Metabolic syndrome, which may also be referred to as “prediabetes”, includes three conditions: Impaired Glucose Tolerance, Impaired Fasting Glycaemia, and Insulin Resistance

It is estimated that a billion people worldwide have metabolic syndrome (prediabetes)

Having a family history of diabetes raises prediabetes risk

Medicines that cause weight gain or changes in blood pressure, blood cholesterol, and blood sugar levels heighten a person’s risk of metabolic syndrome

Most of the metabolic risk factors have no signs or symptoms, although a large waistline is a visible sign

Fat interferes with the body's ability to use insulin – therefore the more you weigh the greater the risk of insulin resistance

People with prediabetes have 5-6 times the risk of developing diabetes

prediabetes raises risk of testosterone deficiency in men

What is prediabetes or borderline diabetes?

Put simply: Prediabetes is a condition that describes a person who has a number of abnormal glucose blood tests suggesting they have borderline diabetes. It may also be called “impaired glucose tolerance” or “metabolic syndrome” . People with Prediabetes are very likely to progress to developing diabetes in the coming few years. More importantly, people with Prediabetes are the most likely to recover and return back to normal by making a few important changes.

The more complex story:Type 2 diabetes is rapidly becoming of the most common long-term disease in the world. The problem causing an elevation in the blood glucose levels occurs when there is a change in the shape of the insulin receptor. In the normal situation, the body produces a small chemical called insulin (key) whose purpose is to bind to a receptor (lock) on the surface of fat and muscle cells, opening a channel to allow glucose to enter those cells. In type 2 diabetes the shape of this receptor changes mostly as a consequence of weight gain around the stomach.

Who is at risk of prediabetes?

You are more likely to develop type 2 diabetes if you are carrying weight around your belly. It is much more common in people from certain ethnic backgrounds such as Indian, Middle Eastern, south-east Asian and indigenous populations. In these groups rates of diabetes can approach 30% of the adult population. In Caucasian populations, the rates are more typically 10% of the adult population.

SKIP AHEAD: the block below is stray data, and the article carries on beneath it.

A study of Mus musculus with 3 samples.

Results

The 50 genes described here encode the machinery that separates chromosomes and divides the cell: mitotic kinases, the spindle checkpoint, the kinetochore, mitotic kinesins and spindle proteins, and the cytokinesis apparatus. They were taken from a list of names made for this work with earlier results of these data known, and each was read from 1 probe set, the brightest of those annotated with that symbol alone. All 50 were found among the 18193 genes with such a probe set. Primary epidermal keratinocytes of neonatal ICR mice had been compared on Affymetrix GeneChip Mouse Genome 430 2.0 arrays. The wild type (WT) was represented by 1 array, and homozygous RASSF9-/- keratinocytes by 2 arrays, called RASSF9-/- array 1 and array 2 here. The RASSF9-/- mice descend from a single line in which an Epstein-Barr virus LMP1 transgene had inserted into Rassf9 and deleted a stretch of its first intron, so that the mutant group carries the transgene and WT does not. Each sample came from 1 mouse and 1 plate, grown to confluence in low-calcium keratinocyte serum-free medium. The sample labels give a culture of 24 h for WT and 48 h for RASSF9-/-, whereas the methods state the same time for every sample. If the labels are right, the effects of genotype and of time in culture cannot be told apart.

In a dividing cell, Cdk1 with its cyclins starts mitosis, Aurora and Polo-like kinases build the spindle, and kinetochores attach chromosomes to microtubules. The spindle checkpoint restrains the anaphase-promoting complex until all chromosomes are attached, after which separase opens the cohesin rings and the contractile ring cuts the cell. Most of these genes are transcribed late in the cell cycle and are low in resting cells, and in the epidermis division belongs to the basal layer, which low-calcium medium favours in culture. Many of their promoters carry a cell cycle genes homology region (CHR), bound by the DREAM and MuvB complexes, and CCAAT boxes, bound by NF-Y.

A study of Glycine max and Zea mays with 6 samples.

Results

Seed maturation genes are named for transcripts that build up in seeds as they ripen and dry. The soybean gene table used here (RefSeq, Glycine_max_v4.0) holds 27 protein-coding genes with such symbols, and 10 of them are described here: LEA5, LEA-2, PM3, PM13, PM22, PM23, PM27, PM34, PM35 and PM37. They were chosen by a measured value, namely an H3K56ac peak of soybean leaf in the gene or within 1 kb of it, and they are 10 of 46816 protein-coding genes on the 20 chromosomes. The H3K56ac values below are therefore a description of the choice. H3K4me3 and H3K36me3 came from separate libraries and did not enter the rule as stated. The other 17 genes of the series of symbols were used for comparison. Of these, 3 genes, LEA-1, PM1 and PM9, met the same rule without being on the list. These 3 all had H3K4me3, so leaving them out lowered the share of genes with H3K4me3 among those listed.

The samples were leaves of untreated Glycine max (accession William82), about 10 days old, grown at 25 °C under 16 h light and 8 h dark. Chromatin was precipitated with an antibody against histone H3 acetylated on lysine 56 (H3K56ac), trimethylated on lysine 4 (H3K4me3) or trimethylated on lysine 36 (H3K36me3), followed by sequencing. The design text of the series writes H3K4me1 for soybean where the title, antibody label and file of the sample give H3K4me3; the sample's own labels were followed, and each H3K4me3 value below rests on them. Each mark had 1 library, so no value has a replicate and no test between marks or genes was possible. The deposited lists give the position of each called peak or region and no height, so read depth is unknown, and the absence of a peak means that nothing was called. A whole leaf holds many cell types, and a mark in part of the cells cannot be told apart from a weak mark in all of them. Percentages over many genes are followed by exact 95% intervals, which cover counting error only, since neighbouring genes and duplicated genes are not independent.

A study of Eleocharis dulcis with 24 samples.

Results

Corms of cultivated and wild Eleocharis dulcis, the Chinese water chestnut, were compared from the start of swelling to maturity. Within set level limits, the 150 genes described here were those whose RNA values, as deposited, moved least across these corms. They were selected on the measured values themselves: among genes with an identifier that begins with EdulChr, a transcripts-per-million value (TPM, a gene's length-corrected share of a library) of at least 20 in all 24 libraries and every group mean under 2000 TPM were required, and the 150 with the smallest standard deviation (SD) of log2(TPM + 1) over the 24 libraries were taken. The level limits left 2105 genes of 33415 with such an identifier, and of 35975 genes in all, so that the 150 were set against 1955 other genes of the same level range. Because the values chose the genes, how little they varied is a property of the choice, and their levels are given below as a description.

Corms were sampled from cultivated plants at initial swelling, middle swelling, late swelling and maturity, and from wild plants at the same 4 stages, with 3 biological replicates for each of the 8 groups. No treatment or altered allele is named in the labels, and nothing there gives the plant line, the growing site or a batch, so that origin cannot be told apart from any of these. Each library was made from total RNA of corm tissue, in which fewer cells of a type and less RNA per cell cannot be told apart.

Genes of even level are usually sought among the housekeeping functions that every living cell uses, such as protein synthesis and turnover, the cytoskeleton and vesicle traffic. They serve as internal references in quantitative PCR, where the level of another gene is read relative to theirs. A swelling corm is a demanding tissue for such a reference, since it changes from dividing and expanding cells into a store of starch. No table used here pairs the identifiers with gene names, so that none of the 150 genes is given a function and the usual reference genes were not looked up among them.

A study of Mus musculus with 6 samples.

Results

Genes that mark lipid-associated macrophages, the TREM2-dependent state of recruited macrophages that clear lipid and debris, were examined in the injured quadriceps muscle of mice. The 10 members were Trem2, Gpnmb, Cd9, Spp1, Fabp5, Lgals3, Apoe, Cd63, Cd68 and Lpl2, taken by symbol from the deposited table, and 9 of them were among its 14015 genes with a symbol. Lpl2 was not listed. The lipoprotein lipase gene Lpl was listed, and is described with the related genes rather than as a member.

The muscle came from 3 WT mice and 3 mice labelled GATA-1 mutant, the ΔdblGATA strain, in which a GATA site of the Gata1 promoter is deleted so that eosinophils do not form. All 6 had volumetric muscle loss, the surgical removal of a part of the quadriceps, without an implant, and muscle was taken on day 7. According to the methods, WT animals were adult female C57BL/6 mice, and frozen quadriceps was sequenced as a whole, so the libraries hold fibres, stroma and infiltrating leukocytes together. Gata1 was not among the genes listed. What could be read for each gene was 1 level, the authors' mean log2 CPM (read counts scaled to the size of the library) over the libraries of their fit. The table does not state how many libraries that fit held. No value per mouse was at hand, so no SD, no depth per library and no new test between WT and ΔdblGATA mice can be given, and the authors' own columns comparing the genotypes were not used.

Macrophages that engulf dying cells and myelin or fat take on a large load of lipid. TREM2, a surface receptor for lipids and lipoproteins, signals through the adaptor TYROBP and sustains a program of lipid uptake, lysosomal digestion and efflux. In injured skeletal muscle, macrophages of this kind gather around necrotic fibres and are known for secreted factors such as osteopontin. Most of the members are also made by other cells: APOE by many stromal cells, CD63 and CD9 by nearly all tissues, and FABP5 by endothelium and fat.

What are the symptoms of prediabetes or borderline diabetes?

The most common symptoms are feeling nothing at all. That’s part of the problem, the person feels ok but the damage is already occurring. Many people experience tiredness and fatigue and that is really noticed when you start to get sugars under control.

How is prediabetes diagnosed?

Most people diagnosed are picked up by chance based on a high blood sugar noticed on routine testing. It is not the best way to test for diabetes and so more formal tests should be asked for. This is typically a glucose tolerance test or another test called an HbA1c. A glucose tolerance test involved a fasting blood test, 75g of glucose as a sugary drink followed by another test of blood sugar taken 2 hours later. Prediabetes is diagnosed when the sugar is too high to be normal and not high enough to have diabetes diagnosed.

Does prediabetes develop and progress into type 2 diabetes?

Unfortunately for many people with borderline diabetes they will progress to developing type 2 diabetes. Typically within 3-5 years of being diagnosed with prediabetes up to 40% of people will develop diabetes. It is important to have annual tests as the diagnosis can develop with symptoms.

Is prediabetes dangerous and can it cause problems?

People with borderline diabetes are at an increased risk of heart attacks and strokes as well as some cancers. Even though the sugars are only mildly elevated people can still have abnormalities with their cholesterol levels and high blood pressure (hypertension). These factors also contribute to the high rates of heart disease seen in people with diabetes.

Can prediabetes be reversed?

Yes yes yes!! The greatest chance of reversing this condition and avoiding diabetes is in people with Prediabetes. Many studies have demonstrated a 5% reduction in body weight (for most people this is 5kg) can reduce the chance of developing diabetes by 40%. The sooner you start, the greater pancreatic function remains, the better your chances. Whether it is reversible or not does not change that fact improving your diet and exercise and using the right medication all lead to dramatic improvements. Fundamentally it is not debated that damages the body but high blood sugars.